Kay Ryan has taught me a new word, again. Nacreous. In her poem, “Lacquer Artist”, she writes:
“There is a nacreous gleam
in certain areas of the mind
where something must have been
at some time—
perhaps many somethings,
judging by the pearlescence;”
Abalones secrete nacre, a mucous layer of calcium carbonate that hardens into a protective coating. The layers upon layers built up throughout the lifetime of the mollusk shine with iridescence most attractive to beach combers. As we turn the shell in our hands, the light reflection dazzles us with different colors. We see depth as if the light was emanating from beneath the shell surface.
Nacreous could refer to layers upon layers of varnish like the lacquer artist applies to a serving tray or the fine woodworker to a cherry plank. We own such a wooden box with 30 layers of varnish gently sanded between applications. The result is a surface of deep silk begging to be stroked.
The metaphor of luminescent layers implies life and light, value and desirability.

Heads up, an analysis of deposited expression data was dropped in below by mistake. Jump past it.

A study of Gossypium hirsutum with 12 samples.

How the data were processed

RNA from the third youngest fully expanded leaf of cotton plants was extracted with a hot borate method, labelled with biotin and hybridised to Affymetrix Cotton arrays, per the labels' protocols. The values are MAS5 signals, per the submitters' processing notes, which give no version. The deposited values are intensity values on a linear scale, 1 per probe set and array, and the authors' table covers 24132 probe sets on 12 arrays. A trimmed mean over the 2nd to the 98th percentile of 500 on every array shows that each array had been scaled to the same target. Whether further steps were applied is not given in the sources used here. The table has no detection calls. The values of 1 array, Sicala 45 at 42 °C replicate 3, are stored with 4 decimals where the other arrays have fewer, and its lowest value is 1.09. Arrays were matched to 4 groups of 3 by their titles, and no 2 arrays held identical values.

Grace refused to open her eyes yesterday morning, refused to get out of bed. When she finally sat up, the pushed-back blankets revealed shoes on her feet. She shook a fist, threw her breakfast and glared with dark, open pupils. There was no depth in her eyes. The flat blackness reflected the vacancies in her brain and warned us to give her space and quiet. We respect her fragility.
This morning she giggles and plays with her eyes, looking up to measure our reaction. The nacreous gleam shows acceptance and curiosity from historical depths of participative living. There is still light emanating from deep within her mind. She is a treasure.
Ryan, Kay. The Best of It: New and Selected Poems. Grove Press. 2010. Amazon.